Maggot Guts Lead to ID of Dead Body

maggot, white maggot, medical maggot
white maggot (Image credit: Wikimedia commons user Tarquin)

Police in Mexico recently discovered a body burned beyond recognition in a remote patch of woods just off a country road. The hands and feet were missing. There was no physical evidence nearby except a school graduation ring. The body was in such bad shape that investigators couldn't even determine the gender. The only soft tissue available for genetic analysis was a burned fragment of liver, but attempts to get a DNA profile from this bit of evidence proved futile.

However, forensic investigators were able to find useful genetic material in an unusual place — inside the guts of the maggots infesting the corpse's neck and face.

"This is the first reported case of analysis of human DNA isolated from the gastrointestinal tract of maggots used to identify a victim in a criminal case," a group of researchers from Monterrey, Mexico, wrote in a report this month in the Journal of Forensic Sciences.

Ten days before the body was found, a man claimed his daughter had been abducted. He recognized the ring, but couldn't tell if the badly burned corpse was his daughter. The investigators took a DNA sample from the man and then looked at the gut contents of three blowfly maggots from the dead body. They found traces of human DNA in the bugs' stomachs. With this evidence, they found that the victim was female, and they were able to run a paternity test, which came back with a 99.68-percent match to the man, confirming that this was his abducted daughter.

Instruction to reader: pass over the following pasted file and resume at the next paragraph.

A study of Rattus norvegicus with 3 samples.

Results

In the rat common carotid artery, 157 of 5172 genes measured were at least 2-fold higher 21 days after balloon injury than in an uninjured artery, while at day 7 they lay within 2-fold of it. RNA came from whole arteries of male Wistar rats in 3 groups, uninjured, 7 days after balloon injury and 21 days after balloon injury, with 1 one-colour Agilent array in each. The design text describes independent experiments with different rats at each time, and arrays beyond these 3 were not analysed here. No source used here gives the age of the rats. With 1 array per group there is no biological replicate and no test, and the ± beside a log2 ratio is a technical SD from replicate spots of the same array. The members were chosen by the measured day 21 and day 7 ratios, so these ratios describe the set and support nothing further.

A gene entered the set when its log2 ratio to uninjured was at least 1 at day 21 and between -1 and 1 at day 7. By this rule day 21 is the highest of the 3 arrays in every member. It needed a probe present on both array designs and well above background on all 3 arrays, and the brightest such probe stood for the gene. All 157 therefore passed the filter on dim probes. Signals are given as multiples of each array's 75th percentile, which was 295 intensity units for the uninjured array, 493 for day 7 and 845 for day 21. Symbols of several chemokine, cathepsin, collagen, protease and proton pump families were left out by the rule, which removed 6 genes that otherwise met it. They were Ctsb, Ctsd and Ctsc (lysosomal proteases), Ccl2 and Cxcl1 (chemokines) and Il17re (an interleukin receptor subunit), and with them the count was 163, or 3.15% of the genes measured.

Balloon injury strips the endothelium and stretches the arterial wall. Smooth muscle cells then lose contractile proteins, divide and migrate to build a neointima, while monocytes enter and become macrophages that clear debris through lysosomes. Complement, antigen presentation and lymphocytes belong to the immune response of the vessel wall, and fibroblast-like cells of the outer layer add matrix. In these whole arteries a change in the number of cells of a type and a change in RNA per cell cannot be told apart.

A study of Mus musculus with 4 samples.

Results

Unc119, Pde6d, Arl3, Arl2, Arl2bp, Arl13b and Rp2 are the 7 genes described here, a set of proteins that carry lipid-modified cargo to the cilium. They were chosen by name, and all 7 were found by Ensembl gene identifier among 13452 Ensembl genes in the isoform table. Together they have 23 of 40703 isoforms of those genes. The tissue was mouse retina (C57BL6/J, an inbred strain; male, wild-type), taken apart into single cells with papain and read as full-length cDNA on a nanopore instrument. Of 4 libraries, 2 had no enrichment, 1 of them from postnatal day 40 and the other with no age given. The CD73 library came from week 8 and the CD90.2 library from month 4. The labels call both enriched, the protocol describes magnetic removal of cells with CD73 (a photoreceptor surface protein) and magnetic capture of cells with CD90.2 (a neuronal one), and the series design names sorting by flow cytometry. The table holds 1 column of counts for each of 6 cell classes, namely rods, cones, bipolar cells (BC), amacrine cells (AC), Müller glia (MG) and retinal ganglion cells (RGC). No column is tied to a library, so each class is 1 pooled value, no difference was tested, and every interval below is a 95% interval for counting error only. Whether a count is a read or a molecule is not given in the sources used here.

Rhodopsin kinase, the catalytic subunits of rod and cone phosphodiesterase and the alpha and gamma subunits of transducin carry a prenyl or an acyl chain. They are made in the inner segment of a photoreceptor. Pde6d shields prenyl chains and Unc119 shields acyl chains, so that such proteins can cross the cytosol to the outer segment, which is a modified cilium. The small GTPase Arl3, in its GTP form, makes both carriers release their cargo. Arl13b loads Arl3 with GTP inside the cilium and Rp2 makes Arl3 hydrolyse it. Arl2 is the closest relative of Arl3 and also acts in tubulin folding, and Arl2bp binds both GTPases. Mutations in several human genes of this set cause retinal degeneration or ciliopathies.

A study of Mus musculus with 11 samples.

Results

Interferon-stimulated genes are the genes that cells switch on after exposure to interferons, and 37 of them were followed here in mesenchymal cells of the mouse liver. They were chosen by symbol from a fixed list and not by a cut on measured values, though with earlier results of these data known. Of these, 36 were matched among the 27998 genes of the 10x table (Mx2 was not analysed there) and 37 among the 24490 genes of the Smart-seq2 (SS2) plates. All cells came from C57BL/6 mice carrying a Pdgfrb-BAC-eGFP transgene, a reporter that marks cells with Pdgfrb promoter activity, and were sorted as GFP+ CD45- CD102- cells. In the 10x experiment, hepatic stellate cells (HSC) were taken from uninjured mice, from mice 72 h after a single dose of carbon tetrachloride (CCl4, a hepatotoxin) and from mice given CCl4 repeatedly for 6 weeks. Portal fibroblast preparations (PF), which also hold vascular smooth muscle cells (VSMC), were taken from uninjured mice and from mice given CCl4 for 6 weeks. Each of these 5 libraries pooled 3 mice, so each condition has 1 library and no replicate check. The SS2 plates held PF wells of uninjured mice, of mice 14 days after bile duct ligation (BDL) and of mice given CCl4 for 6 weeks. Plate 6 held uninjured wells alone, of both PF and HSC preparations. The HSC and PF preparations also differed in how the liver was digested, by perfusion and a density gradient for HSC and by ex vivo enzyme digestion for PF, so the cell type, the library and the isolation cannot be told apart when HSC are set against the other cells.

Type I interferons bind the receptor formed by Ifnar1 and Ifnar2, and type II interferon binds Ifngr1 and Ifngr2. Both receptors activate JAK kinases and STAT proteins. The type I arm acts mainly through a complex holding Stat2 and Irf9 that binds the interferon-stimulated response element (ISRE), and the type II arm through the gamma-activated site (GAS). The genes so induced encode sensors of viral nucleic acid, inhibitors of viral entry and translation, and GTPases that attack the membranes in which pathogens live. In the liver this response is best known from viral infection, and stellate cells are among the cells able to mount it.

Maggots are commonly used to construct timelines for crimes, as larval development can indicate how long a victim has been dead. Attracted by gases escaping from a decomposing corpse, blowflies often show up within minutes of death, infesting parts of the body and laying their eggs there. It's the larvae that result from these eggs that serve as a timestamp; depending on the temperature they develop from egg to winged adult in a matter of 10 or so days.

But the researchers say this grim case shows how else the insects might be used as clues.

"If maggots are encountered in association with human remains, investigators could utilize this approach if the extraction of DNA from other sources is not possible," wrote the researchers, led by Marta Ortega-Martínez, of Universidad Autónoma de Nuevo León.

Follow LiveScience on Twitter @livescience. We're also on Facebook & Google+.

Live Science Contributor
Megan has been writing for Live Science and since 2012. Her interests range from archaeology to space exploration, and she has a bachelor's degree in English and art history from New York University. Megan spent two years as a reporter on the national desk at NewsCore. She has watched dinosaur auctions, witnessed rocket launches, licked ancient pottery sherds in Cyprus and flown in zero gravity. Follow her on Twitter and Google+.